Melbourne based artist INKBOY creates fun, cartoon and street inspired artworks.

How did you get started and what’s your inspiration with Inkboy? 

Inkboy started as a bit of an accident – I always loved cartoons and how they projected character, I was doing a lot of detailed tattoo style art but it never sat right with my personality. One of my biggest influences in Melbourne was a clothing label and creator called Boywolf. He ended up being a massive mentor and helped me get on the right track with how I wanted my art to come across. In doing so, I may have stolen half his name. 

Your work is known to have been influenced by quite an old school street vibe including even 1930’s arts. How did you start drawing inspiration from that art scene era?

It came very easily to me, which had never happened with art before. It was almost like going back to primary school where I used to draw cartoons all over my books; the art style lets me blend my influences of street and character and project my own personality into each piece.

Thanks to Flying Art Films and Guds Official for this great video

So do you remember the very first paid job you had?

Dishwasher at an Italian restaurant, it was awesome; I would work a solid 3 hours before taking home a large bowl of Pasta; simpler times!

What is your favorite piece of work you’ve done and why?

One of my favorite pieces was the cover I did for ‘No Cure Magazine’. I’ve read and collected the magazine since I was a teenager so to be asked to whip up a cover was absolutely awesome.

And what projects are you working on right now?

Personally, I’m working on a collectible figurine, a new clothing line, and an art collection – these things always take time but are now, unfortunately, taking a back seat to larger clients. But when they are finally released it will be well worth it!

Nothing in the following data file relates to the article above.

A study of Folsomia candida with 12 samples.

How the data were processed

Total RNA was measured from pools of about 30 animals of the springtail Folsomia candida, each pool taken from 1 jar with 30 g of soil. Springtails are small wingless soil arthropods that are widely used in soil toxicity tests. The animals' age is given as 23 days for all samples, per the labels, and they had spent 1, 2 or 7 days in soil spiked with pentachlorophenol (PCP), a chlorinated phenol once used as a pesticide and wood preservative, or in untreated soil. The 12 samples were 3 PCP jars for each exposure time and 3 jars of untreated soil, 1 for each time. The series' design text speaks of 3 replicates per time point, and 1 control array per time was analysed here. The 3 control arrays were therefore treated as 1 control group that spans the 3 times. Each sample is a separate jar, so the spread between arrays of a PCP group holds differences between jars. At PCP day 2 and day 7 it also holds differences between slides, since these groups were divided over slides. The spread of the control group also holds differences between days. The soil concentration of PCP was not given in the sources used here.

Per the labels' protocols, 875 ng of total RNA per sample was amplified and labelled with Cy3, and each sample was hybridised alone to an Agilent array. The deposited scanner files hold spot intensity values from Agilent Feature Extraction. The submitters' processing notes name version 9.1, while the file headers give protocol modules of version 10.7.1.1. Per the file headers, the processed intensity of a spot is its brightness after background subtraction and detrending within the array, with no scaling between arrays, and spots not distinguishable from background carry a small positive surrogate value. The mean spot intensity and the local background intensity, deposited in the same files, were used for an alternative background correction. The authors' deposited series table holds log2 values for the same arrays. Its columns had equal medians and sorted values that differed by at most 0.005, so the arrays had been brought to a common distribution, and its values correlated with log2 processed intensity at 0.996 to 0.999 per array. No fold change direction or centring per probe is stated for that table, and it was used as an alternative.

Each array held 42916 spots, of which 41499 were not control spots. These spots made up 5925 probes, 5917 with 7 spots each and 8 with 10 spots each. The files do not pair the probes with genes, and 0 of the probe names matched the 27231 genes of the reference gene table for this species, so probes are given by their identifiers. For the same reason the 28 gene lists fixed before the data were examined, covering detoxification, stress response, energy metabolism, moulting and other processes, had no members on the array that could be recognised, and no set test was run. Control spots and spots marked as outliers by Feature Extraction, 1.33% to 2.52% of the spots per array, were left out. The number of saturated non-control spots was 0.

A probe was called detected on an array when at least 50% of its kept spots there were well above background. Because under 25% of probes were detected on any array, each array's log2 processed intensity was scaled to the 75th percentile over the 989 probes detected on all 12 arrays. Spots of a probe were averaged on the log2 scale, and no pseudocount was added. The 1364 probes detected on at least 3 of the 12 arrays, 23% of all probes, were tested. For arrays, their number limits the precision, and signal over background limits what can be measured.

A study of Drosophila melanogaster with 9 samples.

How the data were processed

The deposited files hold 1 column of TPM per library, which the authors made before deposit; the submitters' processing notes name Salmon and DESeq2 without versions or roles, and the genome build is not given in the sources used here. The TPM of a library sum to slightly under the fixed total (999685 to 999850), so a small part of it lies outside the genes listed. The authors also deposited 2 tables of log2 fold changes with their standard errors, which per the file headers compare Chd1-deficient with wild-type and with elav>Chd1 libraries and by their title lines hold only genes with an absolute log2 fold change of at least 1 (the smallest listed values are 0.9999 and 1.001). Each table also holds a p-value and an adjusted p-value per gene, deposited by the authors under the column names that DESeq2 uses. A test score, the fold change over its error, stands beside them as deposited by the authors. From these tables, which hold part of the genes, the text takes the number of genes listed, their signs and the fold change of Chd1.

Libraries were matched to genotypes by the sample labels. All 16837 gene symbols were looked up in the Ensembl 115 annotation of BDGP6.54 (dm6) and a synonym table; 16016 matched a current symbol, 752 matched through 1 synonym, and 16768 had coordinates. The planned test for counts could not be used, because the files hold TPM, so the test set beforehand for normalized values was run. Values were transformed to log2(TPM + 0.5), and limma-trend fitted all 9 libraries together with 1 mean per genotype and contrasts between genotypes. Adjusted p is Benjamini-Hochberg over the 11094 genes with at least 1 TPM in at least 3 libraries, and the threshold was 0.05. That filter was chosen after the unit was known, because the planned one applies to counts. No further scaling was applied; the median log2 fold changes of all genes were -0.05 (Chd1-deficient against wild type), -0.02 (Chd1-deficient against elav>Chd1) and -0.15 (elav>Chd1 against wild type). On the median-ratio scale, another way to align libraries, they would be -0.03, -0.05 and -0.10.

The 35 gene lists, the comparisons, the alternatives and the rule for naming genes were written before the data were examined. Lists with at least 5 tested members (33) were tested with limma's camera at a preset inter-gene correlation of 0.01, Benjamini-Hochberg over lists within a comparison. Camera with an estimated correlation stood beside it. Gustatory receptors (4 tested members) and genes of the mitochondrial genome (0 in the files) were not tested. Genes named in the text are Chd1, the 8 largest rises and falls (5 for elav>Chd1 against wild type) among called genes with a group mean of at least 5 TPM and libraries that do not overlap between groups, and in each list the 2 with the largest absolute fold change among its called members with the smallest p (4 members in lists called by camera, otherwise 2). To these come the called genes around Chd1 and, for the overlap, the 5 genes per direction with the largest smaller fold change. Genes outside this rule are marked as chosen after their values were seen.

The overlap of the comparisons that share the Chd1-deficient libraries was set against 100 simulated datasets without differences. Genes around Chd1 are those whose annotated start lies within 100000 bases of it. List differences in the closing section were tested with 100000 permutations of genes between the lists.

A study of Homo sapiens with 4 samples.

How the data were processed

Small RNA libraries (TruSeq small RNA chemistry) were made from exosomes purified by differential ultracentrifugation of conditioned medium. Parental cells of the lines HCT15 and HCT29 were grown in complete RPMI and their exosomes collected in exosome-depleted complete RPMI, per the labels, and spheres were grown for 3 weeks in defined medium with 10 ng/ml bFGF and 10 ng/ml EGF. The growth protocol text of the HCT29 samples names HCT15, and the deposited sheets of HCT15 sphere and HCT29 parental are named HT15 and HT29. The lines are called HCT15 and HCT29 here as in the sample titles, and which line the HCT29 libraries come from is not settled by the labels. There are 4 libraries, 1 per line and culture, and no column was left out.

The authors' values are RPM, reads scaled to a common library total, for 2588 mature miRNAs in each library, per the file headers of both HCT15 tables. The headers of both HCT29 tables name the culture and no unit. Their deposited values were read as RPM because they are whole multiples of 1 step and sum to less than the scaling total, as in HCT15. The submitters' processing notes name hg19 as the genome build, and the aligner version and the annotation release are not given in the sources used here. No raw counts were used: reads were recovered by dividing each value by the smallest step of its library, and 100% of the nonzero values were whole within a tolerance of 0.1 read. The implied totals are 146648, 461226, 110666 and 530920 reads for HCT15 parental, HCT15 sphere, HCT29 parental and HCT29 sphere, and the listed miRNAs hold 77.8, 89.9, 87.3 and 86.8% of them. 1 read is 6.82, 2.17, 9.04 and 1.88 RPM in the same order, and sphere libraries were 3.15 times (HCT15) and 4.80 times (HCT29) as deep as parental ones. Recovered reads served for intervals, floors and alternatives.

Are there other artists who you’re particularly interested in at the moment, or who have influenced your work?

I have always loved artists that show restraint in their execution of style, incorporating design and art is not easy but my biggest influences have always been Dabs Myla, Mcbess & Travis Price.

Recent t-shirt collaboration with Hibiki, Melboure

How does the recent pandemic affect your current and future projects?

I’ve been very lucky that my work hasn’t been too affected – It’s mostly put a focus on supporting and choosing to create artwork for local business’ over international clients as Melbourne (like so many places) has taken a huge hit to its arts and creative industries. Personally, it’s changed a few personal timelines for my own larger projects but in this time community is the most important thing to nourish.

What kinds of commission works do you currently offer to your clients?

I have stopped taking in a lot of commissions lately however I am always looking for people with completely obtuse or new ideas so I can test my limits of creativity. There are a lot of people out there with great ideas out there and I love being able to help them out!

“There are systemic issues within the police force – it’s not about who is good or bad. They have deep rooted racial bias and a long history of abuse no matter if you’re looking at America or Australia.”

What is the most difficult part of being an independent artist?

Being kind to yourself, managing that work-life balance is incredibly taxing some days as you’re always pushing to better yourself but in doing so forget to care for yourself. That’s been particularly hard during COVID – already spent 7 months of this year sitting inside which has taken a toll on motivation.

What challenges do you face today that are different than when you started? 

These days I find that Instagram plays too big a role in the broader art community; It definitely feels like a double-edged sword offering a million different opportunities but leaving you bound to it; which in the long run creates a somewhat dependant & volatile relationship with it. 

 In solidarity with Beirut & Lebanon @carladrawz and Inkboy designed a charity sticker with 100% of proceeds going to the Lebanese Red Cross.

Is there anything that you want to share with other independent artists across the globe?

More than ever, we need to be collaborating, respecting, and promoting each other. The world seems to be tipping into a lot of uncertainty and it’s a little scary but seeing people’s creativity and passion reminds everyone that you’re not alone in all of it. 

Please check out Inkboy’s website and Instagram for more of his works. If you need to commission him or you need some creative video, motion graphics / animation / shooting, or editing please email us here or schedule a conversation with us.